Searching the Scriptures:

Why Music Is Important in Worship

By Robert J. Matthews

Assistant Professor of Ancient Scripture
Brigham Young University


    At the dedication of the temple in the days of Solomon, “the priests waited on their offices: the Levites also with instruments of musick of the Lord, which David the king had made to praise the Lord, … and the priests sounded trumpets before them, and all Israel stood.” (2 Chr. 7:6. See also 2 Chr. 5:12–13.)

    At another time there were “cymbals, psalteries, and harps, for the service of the house of God. … [for] the songs of the Lord. …” (1 Chr. 25:6–7.)

    Later, the Psalmist spoke of praising the Lord with the sound of the trumpet, psaltery and harp, timbrel, stringed instruments and organs, loud cymbals, and high sounding cymbals. (Ps. 150:3–5.)

    It is also written in the Psalms:

    “O sing unto the Lord a new song; … make a joyful noise unto the Lord. …” (Ps. 98:1, 4.)

    “Sing unto him, sing psalms unto him. …” (Ps. 105:2.)

    “For in the days of David and Asaph of old there were chief of the singers, and songs of praise and thanksgiving unto God.” And this continued “in the days of Zerubbabel, and in the days of Nehemiah. …” (Neh. 12:46–47.)

    “Moreover Hezekiah the king and the princes commanded the Levites to sing praise unto the Lord with the words of David, and of Asaph the seer. And they sang praises with gladness, and they bowed their heads and worshipped.” (2 Chr. 29:30.)

    The prophet Alma encouraged the humble and obedient to “sing the song of redeeming love” because of their faith in Jesus Christ. (Alma 5:26. See also Alma 26:13.) We also learn that the saints shall “stand on the right hand of the Lamb, when he shall stand upon Mount Zion, … and they shall sing the song of the Lamb. …” (D&C 133:56.)

    In the New Testament it is written: “And I looked, and, lo, a Lamb stood on the Mount Sion, and with him an hundred forty and four thousand, … and they sung as it were a new song before the throne, … and no man could learn that song but the hundred and forty and four thousand, which were redeemed from the earth.” (Rev. 14: 1–3.)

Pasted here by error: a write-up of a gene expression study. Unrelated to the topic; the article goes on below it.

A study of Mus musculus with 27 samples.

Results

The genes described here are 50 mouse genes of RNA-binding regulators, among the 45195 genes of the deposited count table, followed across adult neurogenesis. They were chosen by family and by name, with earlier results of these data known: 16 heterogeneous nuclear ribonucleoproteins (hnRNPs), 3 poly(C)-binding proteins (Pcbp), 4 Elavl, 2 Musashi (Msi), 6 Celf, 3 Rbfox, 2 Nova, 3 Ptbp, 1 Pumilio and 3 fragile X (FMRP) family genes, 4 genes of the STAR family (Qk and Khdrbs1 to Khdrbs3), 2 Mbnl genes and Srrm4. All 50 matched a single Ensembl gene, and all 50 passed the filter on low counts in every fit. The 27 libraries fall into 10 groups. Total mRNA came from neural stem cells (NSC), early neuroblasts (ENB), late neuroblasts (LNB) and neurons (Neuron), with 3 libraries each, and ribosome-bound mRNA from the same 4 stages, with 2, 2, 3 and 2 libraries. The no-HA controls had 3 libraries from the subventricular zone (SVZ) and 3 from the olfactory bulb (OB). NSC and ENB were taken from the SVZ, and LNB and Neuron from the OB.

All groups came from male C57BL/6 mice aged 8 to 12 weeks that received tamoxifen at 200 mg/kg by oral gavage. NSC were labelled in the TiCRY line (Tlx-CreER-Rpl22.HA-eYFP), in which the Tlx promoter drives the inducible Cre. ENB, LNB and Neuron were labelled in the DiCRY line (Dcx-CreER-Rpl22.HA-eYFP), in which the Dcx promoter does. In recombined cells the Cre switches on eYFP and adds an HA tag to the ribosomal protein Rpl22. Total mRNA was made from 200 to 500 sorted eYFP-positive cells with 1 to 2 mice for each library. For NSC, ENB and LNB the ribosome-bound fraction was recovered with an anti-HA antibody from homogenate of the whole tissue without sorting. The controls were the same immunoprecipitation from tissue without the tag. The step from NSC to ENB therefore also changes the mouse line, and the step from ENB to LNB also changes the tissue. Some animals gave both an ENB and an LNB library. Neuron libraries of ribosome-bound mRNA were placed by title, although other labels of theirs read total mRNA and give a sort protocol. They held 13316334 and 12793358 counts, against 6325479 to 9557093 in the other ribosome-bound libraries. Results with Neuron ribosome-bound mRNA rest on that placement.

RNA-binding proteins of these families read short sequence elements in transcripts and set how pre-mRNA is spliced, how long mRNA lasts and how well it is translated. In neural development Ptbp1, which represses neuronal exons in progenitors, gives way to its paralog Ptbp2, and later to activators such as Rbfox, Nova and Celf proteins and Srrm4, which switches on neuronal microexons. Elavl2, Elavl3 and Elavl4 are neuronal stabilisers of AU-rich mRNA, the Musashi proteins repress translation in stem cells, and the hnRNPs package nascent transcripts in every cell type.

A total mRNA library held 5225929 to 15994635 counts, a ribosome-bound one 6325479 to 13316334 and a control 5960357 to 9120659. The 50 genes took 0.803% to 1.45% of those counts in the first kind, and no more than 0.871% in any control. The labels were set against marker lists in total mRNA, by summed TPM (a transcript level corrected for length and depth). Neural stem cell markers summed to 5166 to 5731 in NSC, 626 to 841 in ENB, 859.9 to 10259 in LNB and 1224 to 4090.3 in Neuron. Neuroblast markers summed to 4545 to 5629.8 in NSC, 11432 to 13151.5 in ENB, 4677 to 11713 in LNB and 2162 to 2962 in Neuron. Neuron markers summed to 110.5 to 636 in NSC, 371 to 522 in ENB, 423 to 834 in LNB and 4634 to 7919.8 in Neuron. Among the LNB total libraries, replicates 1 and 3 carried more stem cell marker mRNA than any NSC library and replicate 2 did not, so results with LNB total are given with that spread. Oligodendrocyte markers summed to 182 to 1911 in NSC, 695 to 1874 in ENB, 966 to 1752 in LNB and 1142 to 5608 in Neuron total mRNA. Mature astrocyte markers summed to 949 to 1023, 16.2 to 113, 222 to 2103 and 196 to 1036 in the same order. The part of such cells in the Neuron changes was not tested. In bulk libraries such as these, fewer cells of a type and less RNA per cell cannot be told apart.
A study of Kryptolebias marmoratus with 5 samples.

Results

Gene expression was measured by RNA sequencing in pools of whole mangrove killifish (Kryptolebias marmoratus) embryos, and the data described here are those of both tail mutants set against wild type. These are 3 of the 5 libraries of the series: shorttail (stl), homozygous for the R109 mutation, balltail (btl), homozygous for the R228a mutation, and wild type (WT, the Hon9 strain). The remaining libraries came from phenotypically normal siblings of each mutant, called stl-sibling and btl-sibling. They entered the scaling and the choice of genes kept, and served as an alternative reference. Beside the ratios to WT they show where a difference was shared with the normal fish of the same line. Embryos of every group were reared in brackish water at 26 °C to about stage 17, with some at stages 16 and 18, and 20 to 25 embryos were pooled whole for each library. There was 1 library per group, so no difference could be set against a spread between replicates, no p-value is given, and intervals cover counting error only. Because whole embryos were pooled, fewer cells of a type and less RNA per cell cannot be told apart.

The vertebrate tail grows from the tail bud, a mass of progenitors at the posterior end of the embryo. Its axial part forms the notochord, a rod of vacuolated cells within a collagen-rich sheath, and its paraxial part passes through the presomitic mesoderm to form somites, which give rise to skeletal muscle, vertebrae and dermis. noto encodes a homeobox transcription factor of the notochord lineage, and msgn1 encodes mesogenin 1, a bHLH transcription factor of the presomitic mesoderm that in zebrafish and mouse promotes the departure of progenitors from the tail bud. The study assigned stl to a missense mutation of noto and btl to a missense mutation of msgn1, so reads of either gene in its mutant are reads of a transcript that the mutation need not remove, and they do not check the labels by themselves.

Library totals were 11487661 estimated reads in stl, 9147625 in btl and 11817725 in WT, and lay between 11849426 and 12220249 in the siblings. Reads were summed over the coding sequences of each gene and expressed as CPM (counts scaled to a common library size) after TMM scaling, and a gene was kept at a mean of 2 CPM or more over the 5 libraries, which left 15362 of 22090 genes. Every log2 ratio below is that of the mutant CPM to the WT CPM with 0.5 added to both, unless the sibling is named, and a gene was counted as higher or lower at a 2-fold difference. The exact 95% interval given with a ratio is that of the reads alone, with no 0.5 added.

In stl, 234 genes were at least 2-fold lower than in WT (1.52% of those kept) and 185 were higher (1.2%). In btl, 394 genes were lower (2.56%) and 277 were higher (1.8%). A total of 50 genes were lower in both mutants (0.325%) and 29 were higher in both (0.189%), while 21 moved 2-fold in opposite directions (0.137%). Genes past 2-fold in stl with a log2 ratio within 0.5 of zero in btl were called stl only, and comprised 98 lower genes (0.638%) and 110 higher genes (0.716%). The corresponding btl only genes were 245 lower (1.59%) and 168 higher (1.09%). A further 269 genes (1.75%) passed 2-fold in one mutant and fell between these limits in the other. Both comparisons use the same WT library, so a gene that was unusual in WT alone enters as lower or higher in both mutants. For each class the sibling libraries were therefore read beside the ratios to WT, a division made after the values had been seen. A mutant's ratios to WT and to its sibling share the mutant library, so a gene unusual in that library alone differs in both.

Soon after The Church of Jesus Christ of Latter-day Saints was organized, the Lord instructed Emma Smith to “make a selection of sacred hymns, as it shall be given thee, which is pleasing unto me, to be had in my church. For my soul delighteth in the song of the heart; yea, the song of the righteous is a prayer unto me, and it shall be answered with a blessing upon their heads.” (D&C 25:11–12.) To the Camp of Israel the Lord spake through the prophet Brigham Young: “If thou art merry, praise the Lord with singing, with music, with dancing, and with a prayer of praise and thanksgiving.” (D&C 136:28.)

    Although much is said in the scriptures about praising the Lord with music, there must be discernment, since not all music is praiseworthy or suitable for worship. Laman, Lemuel, and the sons of Ishmael and their wives “began to make themselves merry, … to dance, and to sing, and to speak with much rudeness. …” (1 Ne. 18:9.) And in the Old Testament Amos warned Israel that because of their wickedness the Lord did not want “the noise of thy songs,” nor “the melody of thy viols.” (Amos 5:23. See also Amos 6:1–6; Amos 8:3.)

    Music can lift one’s spirits and give courage. When King Saul was depressed, “David took an harp, and played … [until] Saul was refreshed. …” (1 Sam. 16:23.) Paul and Silas, in jail in Philippi, “prayed, and sang praises unto God” at midnight. (Acts 16:25.) And the people of Jared crossing the great sea “did sing praises unto the Lord” day and night. (Ether 6:9.)

    However, the Jews in captivity did not wish to sing for their captors: “By the rivers of Babylon, there we sat down, yea, we wept, when we remembered Zion. We hanged our harps upon the willows in the midst thereof. For there they that carried us away captive required of us a song; … saying, Sing us one of the songs of Zion. How shall we sing the Lord’s song in a strange land?” (Ps. 137:1–4.)

    Music is used to teach the gospel. The apostle Paul wrote to the saints: “Let the word of Christ dwell in you richly in all wisdom; teaching and admonishing one another in psalms and hymns and spiritual songs, singing with grace …” (Col. 3:16), and “making melody in your heart to the Lord” (Eph. 5:19).

    Mention has already been made of music at the dedication of the temple in Solomon’s day. And after Jesus and the Twelve had partaken of the last supper, they sang a hymn. (Mark 14:26.) Moroni also tells us that in church meetings, “as the power of the Holy Ghost led them whether to preach, … or to sing, even so it was done.” (Moro. 6:9.)

    The scriptures tell us of songs of the redemption of Zion:

    “Thy watchmen shall lift up the voice; with the voice together shall they sing: … break forth into joy, sing together, ye waste places of Jerusalem: for the Lord hath comforted his people. …” (Isa. 52:8–9.)

    “For the Lord shall comfort Zion: … joy and gladness shall be found therein, thanksgiving, and the voice of melody.

    “Therefore the redeemed of the Lord shall … come with singing unto Zion. …” (Isa. 51:3, 11.)

    And in that day the saints “shall lift up their voice, and with the voice together sing the new song, saying:

    “The Lord hath brought again Zion; The Lord hath redeemed his people, Israel. …” (D&C 84:98–99.)